Adrian Comley, General Manager, Dynamic Network Services, BT, offers a practical guide on how to move forward with regards to the adoption of SD-WAN and network function virtualisation.
Enterprise networking is at a turning point. After 20 years of relative stability, we’re moving to a new way of networking, away from the static infrastructure of the past to a more agile and hybrid model that can better support the challenges of the digital future. The real question now for CISOs is not if, or even when, you should start to develop a more flexible, dynamic network. The real question is how. It’s not a time for quick fire answers or leaps of faith: enterprises need clear guidance and practical support as they evolve their networks.
Two thirds of CIOs report their infrastructure is struggling to support the rapid adoption of digital technologies. They’re under pressure to make the most of the cloud and give users faster access to data and applications. To satisfy the relentless demand for more bandwidth from the explosion in digital devices and services. To do all of this without compromising security.
Many businesses are already embracing SD-WAN and network function virtualisation. No-one wants to be left behind. But it’s important not to buy the vision without fully considering the consequences. While SD-WAN and NFV are part of the solution the truth is that networking is going to get more complicated than ever.
To move forward with confidence you need to answer three key questions:
- How do you decide when’s the right time to move your network forward?
- How do you manage the transformation?
- How do you create a secure platform as your network is constantly evolving?
The never-ending task
Accept that your network will never be finished. It will always be work in progress as your business moves forward and technology advances. As a first step, in the words of industry analysts Ovum ‘you have to pin down the problems you want SD-WAN to solve’. It might take some detective work but you’ll need to develop a clear picture of what’s actually happening on your network. What applications or devices are using bandwidth? Where do you have performance issues? What’s priority traffic and what can use local IP breakouts? Armed with real life insight into your network behaviour, you’ll be in a much better position to identify where SD-WAN and related solutions can help. Work with your network provider on a corresponding roadmap for its introduction and you’ll increase your chances of a successful transition.
Change is hard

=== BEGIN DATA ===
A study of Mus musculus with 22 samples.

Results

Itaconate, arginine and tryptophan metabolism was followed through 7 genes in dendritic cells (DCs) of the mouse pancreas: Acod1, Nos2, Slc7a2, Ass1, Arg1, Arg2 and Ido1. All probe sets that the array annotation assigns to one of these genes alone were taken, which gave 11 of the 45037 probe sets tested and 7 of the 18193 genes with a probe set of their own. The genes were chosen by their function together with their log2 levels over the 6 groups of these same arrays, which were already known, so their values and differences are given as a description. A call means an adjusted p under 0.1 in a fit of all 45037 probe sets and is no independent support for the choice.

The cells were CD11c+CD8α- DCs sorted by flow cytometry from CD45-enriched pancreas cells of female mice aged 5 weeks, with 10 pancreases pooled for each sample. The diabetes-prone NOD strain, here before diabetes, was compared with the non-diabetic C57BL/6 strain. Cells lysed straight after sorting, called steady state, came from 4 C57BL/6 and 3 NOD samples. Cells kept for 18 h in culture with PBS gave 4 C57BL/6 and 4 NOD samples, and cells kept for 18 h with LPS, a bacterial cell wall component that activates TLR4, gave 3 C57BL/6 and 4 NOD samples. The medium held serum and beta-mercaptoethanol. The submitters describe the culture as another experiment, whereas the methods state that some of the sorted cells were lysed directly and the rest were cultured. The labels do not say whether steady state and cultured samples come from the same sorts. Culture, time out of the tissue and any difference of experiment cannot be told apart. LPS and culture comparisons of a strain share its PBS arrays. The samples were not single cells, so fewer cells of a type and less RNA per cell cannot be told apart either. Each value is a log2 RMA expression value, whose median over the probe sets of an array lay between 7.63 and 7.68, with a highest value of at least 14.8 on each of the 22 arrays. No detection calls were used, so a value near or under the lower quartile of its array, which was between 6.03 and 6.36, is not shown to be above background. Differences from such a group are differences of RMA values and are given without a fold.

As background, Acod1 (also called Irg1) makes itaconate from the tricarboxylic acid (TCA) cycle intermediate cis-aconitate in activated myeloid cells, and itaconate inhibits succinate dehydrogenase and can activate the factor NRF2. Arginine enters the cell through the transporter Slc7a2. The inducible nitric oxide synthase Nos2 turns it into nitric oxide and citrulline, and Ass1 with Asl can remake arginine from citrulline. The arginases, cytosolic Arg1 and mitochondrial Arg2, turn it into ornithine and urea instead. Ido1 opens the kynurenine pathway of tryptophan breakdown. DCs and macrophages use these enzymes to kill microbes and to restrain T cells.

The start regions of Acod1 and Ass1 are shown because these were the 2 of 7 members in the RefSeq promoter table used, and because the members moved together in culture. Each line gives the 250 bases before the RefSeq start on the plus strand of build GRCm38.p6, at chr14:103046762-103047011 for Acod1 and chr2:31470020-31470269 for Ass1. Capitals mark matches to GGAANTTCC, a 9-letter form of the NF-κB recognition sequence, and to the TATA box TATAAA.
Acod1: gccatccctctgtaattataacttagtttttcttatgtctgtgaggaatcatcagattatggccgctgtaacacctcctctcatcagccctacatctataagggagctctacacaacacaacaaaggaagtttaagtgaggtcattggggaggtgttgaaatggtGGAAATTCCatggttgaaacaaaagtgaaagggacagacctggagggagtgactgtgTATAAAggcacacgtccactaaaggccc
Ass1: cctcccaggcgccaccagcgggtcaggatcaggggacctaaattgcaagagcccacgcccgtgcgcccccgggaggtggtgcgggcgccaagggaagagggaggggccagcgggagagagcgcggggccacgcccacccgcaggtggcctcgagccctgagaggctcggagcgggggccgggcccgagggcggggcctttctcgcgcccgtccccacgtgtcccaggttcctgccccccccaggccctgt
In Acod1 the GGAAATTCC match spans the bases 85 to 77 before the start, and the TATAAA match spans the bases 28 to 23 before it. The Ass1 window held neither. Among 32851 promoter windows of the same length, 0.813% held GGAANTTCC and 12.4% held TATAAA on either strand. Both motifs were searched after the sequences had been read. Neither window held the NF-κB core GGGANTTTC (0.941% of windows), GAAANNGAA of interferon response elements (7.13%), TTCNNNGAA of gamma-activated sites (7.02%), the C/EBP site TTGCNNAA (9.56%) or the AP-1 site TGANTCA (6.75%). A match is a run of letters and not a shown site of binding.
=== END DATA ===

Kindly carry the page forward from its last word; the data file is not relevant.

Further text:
The second challenge is to handle the transformation, to manage the complexity of your current environment while simultaneously bringing SD-WAN and other technology options on board. We must be honest: network change is hard. Small-scale trial deployments can be counter-productive, making it look deceptively simple. The reality is you’re going to make changes across hundreds of interdependent sites spanning multiple geographies, each with its own applications, varying service levels and user expectations. And the more changes you make, the more scope there is for things to go wrong and for vulnerabilities to be created. It’s a scary prospect, even for the most sophisticated and IT-savvy organisation. What’s more, the skills needed for network transformation and security are in short supply.
Don’t be a test bed
A prudent approach is to work with a global network provider with an established security practice and tap into their skills and know-how. For example, they can use their R&D facilities to labs to create a facsimile of your network so you can test new SD-WAN services in an authentic environment before you go live. They can offer pre-assembled core building blocks such as network gateways and SD-WAN controllers which will reduce your hand-off points (and security vulnerabilities) and eliminate the need for you to purchase and stitch together a raft of disparate products from separate vendors. You’ll be able to push the button on a change and know it will roll out securely and consistently across your global infrastructure rather than negotiating and managing separate providers on a location-by-location basis.
The make or break decision
Making continuous changes to your network will be the new normal. Consequently, your make or break decision is not about which SD-WAN solution to choose. It’s to pick a network provider who can support and protect you on what will be an endless journey. Ask them the hard questions. How, exactly, will they seamlessly deliver changes into your network management policies and processes? How will they maintain application performance? Prevent new vulnerabilities arising? In what way are they investing in their own infrastructure and security capabilities? How will they centrally manage, secure and automate a virtualised network? How are they going to monitor, prevent and self-heal incidents across the network? Will they share their cybersecurity experience and insight to keep you ahead of the threats?
As we move into the next generation of networking, responsible network providers recognise the challenges that their enterprise customers face and will respond with a new way of delivering and securing network services for the future. Tomorrow’s successful network providers will be those who bring down the boundaries between the traditional towers of LAN, WAN, data centre, cloud and security, and support enterprises to create individual fluid, malleable IT infrastructures that allow their business to thrive. Successful enterprises will recognise that the future of networking is evolutionary and choose a partner who will help them make the right choices and move ahead with confidence.